Tom Dickinson, former Minneapolis fire chief, dies at age 78

  • Article by: JOY POWELL , Star Tribune
  • Updated: May 21, 2013 - 9:18 PM

Former Mpls. Fire Chief Tom Dickinson

Tom Dickinson — the second-longest-serving fire chief ever in Minneapolis — retired after getting new fire stations and a training facility built, new front-line equipment and more staffing.

He died April 30 at age 78 after nearly 40 years as a firefighter — 15 as chief.

“He loved the Minneapolis Fire Department; he was all about doing whatever he could to make that department the best it could be,” said Dickinson’s son Mark, a St. Paul fire captain. “He had a lot of pride in it.”

Mark and another son, Mike, a Minneapolis deputy fire chief, described their father as an honorable, dedicated man who led the department through changing times. He hired the first women firefighters in 1986 and helped diversify the ranks.

As chief from 1983 through 1998, Dickinson would go to applicants’ homes, even on Sundays, to tell them they were hired. He knew each recruit by name, and one thing about her or him. He was a hardworking, humble man.

“He didn’t want to just be an administrator,” Mark Dickinson said. “You tend to get a lot of guys who get caught up in the politics and the administration part, and they forget about what really goes on, on the street, and that was one thing my dad didn’t want to do. So he always kept that connection.”

Born in Illinois, Tom Dickinson spent nearly his entire life in north Minneapolis. In 1955, he married his sweetheart from Patrick Henry High, Donna Flemming. In 1960, he became the first nonveteran hired by the department, and the newlyweds immediately bought a rambler in the Shingle Creek neighborhood. He was always proud to be a northsider.

Dickinson’s career began on the rescue squad and continued as fire-motor operator, captain, battalion chief and then chief, second in longevity only to Charles Ringer, who retired in 1933.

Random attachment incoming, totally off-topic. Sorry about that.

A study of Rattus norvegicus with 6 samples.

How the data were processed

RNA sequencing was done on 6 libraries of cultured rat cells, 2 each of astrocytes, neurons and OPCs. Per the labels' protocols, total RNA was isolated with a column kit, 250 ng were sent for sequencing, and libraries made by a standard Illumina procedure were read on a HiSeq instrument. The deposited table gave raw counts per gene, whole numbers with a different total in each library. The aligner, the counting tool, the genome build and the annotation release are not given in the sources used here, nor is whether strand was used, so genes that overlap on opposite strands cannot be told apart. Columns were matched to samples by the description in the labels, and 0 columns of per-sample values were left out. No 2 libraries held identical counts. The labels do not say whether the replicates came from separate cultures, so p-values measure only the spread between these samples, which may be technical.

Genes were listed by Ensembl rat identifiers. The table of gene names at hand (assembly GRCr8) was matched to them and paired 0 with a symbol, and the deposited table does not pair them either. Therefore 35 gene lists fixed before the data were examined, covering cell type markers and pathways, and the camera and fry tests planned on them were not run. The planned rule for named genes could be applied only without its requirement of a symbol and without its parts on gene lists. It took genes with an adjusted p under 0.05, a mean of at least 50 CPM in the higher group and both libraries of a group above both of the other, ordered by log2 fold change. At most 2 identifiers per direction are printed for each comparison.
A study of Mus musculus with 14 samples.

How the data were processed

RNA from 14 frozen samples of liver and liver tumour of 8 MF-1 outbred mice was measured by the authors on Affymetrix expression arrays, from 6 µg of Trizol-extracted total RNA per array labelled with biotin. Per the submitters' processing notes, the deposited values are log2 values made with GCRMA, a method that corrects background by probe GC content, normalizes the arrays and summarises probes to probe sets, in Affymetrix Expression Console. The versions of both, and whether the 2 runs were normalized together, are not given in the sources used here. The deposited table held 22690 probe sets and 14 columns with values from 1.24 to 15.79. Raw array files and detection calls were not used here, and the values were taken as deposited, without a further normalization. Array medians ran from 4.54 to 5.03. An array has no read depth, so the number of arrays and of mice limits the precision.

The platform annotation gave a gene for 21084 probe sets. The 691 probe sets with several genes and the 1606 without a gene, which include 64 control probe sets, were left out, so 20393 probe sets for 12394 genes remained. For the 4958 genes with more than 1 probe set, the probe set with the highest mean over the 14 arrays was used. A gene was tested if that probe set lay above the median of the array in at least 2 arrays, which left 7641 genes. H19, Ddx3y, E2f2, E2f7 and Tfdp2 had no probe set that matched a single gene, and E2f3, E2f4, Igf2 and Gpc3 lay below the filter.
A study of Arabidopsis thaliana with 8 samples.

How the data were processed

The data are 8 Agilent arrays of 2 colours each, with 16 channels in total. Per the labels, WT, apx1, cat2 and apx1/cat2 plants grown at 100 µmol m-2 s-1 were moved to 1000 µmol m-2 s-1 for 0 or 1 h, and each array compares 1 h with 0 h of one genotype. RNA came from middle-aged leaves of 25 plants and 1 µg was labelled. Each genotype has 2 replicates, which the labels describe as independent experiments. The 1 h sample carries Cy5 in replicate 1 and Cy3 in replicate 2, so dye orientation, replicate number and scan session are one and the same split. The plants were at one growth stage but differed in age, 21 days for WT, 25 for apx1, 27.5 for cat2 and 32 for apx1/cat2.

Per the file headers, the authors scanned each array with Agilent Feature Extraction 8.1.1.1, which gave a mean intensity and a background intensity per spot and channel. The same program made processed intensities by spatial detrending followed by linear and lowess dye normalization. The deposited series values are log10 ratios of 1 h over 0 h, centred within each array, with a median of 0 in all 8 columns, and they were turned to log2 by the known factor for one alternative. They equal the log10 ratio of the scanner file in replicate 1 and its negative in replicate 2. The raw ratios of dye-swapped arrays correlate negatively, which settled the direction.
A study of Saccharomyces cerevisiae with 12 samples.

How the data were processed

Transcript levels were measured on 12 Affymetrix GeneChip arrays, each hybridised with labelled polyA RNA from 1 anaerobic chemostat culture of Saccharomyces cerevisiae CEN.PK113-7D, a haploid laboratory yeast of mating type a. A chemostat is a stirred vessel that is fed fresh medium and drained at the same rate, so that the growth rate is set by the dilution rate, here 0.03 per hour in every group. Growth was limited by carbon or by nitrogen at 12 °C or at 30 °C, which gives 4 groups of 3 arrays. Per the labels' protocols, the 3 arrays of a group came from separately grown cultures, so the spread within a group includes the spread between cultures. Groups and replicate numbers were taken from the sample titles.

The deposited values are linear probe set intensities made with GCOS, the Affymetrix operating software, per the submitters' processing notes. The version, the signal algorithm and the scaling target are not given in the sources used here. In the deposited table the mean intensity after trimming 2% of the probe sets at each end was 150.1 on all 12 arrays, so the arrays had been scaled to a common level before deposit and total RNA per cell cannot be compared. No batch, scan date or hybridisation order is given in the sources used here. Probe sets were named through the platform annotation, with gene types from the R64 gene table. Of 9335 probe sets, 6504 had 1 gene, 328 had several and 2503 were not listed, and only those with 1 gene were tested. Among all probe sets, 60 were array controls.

Dickinson’s early years were spent dousing fires when about 6,000 structures burned yearly in the city — nearly 10 times the number today — along with responding to all kinds of rescues.

His kids often wouldn’t see him come home from 24-hour shifts; they were at school. So he made weekends special, said daughter Patti Granning.

“On a Sunday morning, he would stop at a bakery on the way and bring doughnuts,” she said. “But if he had a fire the night before, he’d come in smelling of a fire.”

His two sons and two daughters would sit around the kitchen table enthralled as their dad told of citizens’ lives saved — and of firefighters lost, for example, in the Old Dutch Food Co. fire, in blazing houses and businesses, or in falls from a ladder or rig.

Tom Dickinson had close calls of his own before firefighters wore air tanks; they’d hold out in the smoke until dizzy. And once, he fell more than 30 feet off a ladder at training.

They’d ride on the tailboards of fire engines without cabovers in their rubber boots with rubber coats flapping, going from one call to the next in subzero temperatures, “but loving every minute of it,” Mark Dickinson said.

Tom Dickinson relished his days as captain at Stations 6 and 7, when he taught himself to cook and became famed for his New York cheesecake. He doted on Dalmatians named Chief and Smoky.

“He loved firefighting, and as you rise up in the ranks, you always miss that,” Mike Dickinson said. “He missed the camaraderie and the thrill. It’s an adrenaline rush going into fires, and they went to a lot of them back then. And you miss that as you move up the ladder.”

Tom Dickinson also served on the firefighter pension board, lobbying at the State Capitol for retirees and widows.

Early this year, he was hospitalized with a rare form of gastric cancer. He fought for months, then returned to his home of more than 50 years. Keeping vigil at his deathbed were his four kids, including daughter Paula Batchelder.

At his May 2 wake, 26 fire engines pulled up to the funeral home. Firefighters came from both sides of the river.

He was preceded in death by his wife, Donna. He is survived by his four children, 13 grandchildren, brother Ernest Dickinson Jr., and sister Donna Rodeghero.